How Republicans Can Fight Immigration Reform

As Congress returned home for August recess, many House Republicans were meeting with voters to discuss immigration reform and how the chamber can move forward. According to Greg Sargent at the Washington Post, Rep. Robert Goodlatte can play a key role in killing any legislation that tries to move through the House.

Goodlatte is the Judiciary Committee chair and although he has been willing to entertain the idea of a pathway to citizenship, Sargent argued that Goodlatte is likely to talk the talk without committing to giving undocumented immigrants legal status. The Republican representative said that the House should still show the American people that the chamber is interested in solving the immigration reform problem even if they can’t agree on comprehensive legislation.

According to the article, the view is that House Republicans feel that if they can at least solve a few of the immigration issues in the U.S. then they have shown Americans they’re willing to work toward solving the problem.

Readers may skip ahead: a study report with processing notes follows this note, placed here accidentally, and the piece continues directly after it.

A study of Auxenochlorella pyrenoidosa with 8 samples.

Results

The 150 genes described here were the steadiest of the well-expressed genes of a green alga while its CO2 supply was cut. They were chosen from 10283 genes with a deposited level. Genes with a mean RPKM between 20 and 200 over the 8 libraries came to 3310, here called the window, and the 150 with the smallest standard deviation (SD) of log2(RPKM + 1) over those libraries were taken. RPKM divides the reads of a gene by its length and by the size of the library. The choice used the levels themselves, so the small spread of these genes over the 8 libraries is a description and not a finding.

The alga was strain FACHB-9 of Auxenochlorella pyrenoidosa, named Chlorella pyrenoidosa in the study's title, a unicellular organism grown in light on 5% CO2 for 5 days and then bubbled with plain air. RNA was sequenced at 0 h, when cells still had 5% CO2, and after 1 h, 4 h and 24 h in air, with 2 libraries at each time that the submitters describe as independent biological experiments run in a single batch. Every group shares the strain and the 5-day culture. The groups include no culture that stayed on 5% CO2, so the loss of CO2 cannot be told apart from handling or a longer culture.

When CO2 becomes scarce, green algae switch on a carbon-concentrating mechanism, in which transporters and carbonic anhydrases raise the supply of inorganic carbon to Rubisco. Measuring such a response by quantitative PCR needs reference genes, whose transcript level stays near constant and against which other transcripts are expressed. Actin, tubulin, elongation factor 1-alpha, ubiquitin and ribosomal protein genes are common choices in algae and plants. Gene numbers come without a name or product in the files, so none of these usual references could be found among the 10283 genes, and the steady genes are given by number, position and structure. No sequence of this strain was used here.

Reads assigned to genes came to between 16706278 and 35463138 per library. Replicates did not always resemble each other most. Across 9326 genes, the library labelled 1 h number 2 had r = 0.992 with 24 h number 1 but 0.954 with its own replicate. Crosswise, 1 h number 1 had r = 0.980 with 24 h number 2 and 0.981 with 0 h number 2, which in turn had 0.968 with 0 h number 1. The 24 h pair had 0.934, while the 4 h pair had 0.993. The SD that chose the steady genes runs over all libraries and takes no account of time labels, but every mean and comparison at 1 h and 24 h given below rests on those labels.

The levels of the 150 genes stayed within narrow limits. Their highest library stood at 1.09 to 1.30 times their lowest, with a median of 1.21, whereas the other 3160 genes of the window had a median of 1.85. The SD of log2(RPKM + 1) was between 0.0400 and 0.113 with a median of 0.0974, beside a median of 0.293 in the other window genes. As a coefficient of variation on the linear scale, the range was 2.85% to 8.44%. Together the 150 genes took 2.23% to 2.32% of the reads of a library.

“Despite the fact that a majority of the public and a bipartisan majority of House members back reform with a path to citizenship, Rep. Goodlatte seems to accept that the House will get to ‘no,'” Frank Sharry, head of America’s Voice told Sargent of Goodlatte’s comments on immigration reform.

Sharry said Goodlatte wants to avoid negotiations with the Senate because it could lead to comprehensive reform, something the representative doesn’t want.